Brazil’s president Jair Bolsonaro spent months downplaying Covid-19 and refusing to take measures to protect himself and the people around him. He visited stores; he let supporters congregate around him; he shook hands – all without wearing a mask. On July 4, he and his ministers posted pictures of a luncheon at the US ambassador’s residence – again none wore a mask.
On July 7, he told reporters he had tested positive for the coronavirus. He did not seem surprised. He said that he had previously thought he could have contracted Covid-19 earlier in the year because of his close contact with people, but may have been asymptomatic. That makes his disregard for World Health Organization (WHO) social distancing recommendations even more disturbing.
This time, he was wearing a mask, but spoke less than a meter away from some reporters. Then, he stepped back, took off his mask, and continued talking to them.
People can spread the virus through droplets expelled while coughing or talking.
The WHO recommends that anyone who tests positive for the virus or has symptoms wear a medical mask and self-isolate.
Bolsonaro has not only put those near him at risk; his policies endanger all people in the country.
Brazil has 1.6 million confirmed Covid-19 cases and more than 65,000 deaths, the second-highest toll after the United States.
To reporters, Bolsonaro repeated his mantra that people should go back to work, and said that “The virus is like rain, which is going to get to you.”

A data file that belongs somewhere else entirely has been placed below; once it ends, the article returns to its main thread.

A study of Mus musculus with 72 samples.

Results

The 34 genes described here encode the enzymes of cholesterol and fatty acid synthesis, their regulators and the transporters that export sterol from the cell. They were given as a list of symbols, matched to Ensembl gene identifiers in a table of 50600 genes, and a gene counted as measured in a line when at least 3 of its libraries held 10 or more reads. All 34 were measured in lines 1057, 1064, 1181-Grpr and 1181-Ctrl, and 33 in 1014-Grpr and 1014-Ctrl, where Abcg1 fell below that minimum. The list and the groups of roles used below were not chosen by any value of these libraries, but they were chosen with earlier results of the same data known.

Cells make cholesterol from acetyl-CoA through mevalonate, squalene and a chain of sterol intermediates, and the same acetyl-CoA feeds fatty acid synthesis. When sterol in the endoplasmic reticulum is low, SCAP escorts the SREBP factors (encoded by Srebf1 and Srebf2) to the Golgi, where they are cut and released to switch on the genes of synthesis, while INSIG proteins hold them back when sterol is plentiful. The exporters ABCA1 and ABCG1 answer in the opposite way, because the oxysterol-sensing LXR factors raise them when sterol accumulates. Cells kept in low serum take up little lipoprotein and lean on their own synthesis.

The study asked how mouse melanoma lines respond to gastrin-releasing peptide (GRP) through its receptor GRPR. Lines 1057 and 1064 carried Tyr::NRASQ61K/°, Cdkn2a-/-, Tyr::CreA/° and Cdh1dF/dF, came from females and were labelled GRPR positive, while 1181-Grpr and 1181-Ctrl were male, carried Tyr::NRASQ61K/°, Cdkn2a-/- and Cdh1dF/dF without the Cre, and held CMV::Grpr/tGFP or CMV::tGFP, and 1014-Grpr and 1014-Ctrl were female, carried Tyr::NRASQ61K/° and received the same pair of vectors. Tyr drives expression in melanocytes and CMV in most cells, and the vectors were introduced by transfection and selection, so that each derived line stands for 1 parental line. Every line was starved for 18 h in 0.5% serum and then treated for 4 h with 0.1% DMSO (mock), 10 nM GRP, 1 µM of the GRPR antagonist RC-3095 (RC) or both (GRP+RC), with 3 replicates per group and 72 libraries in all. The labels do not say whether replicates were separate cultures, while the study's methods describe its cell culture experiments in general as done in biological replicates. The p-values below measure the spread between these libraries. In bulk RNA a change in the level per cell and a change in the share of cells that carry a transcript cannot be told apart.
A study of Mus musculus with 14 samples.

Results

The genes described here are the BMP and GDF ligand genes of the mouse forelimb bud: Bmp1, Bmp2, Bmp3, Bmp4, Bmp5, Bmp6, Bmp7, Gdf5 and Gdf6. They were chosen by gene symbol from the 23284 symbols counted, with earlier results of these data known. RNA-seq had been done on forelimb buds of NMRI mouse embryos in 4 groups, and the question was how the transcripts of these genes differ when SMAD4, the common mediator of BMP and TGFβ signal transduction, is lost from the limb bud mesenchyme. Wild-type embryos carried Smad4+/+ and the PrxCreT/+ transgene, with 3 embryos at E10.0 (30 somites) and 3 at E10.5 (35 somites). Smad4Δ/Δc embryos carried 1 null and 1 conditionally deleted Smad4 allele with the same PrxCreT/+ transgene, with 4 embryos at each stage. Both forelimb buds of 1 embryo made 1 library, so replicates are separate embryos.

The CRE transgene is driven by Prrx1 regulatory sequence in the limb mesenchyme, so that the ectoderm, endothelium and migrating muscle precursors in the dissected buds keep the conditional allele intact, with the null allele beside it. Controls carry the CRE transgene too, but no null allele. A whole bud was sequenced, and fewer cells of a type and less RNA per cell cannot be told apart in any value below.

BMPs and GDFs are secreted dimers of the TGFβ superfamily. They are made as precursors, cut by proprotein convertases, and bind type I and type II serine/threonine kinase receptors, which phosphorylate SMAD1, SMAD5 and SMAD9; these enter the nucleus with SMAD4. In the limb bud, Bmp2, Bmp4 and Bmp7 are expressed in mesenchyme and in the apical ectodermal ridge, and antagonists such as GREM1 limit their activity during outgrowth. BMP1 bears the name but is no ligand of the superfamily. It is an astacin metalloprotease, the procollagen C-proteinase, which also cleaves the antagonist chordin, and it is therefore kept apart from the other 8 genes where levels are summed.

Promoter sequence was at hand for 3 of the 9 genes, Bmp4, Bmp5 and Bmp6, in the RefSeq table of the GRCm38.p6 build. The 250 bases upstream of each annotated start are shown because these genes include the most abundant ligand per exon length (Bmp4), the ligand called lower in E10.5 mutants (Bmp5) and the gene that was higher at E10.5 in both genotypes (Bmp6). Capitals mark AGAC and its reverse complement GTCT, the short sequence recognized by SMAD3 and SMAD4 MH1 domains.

Bolsonaro has disseminated misleading information and sabotaged efforts to fight Covid-19. His administration has tried to block states from imposing social distancing rules and to withhold Covid-19 data from the public.
Bolsonaro fired his health minister for defending WHO recommendations and pushed his replacement to quit. An active-duty general without public health experience is now acting health minister.
Just this week, Bolsonaro vetoed legislation requiring the use of masks in Brazil’s unsanitary and overcrowded prisons and juvenile detention centers. Covid-19 has infected more than 11,000 people in those facilities and killed 127, the majority of them staff, according to the latest data from the National Council of Justice.
Asked in April about Covid-19’s mounting death toll, Bolsonaro answered: “So what? I am sorry. What do you want me to do?”
Taking measures to protect people in Brazil, including those around him, from contracting the disease would be a good start.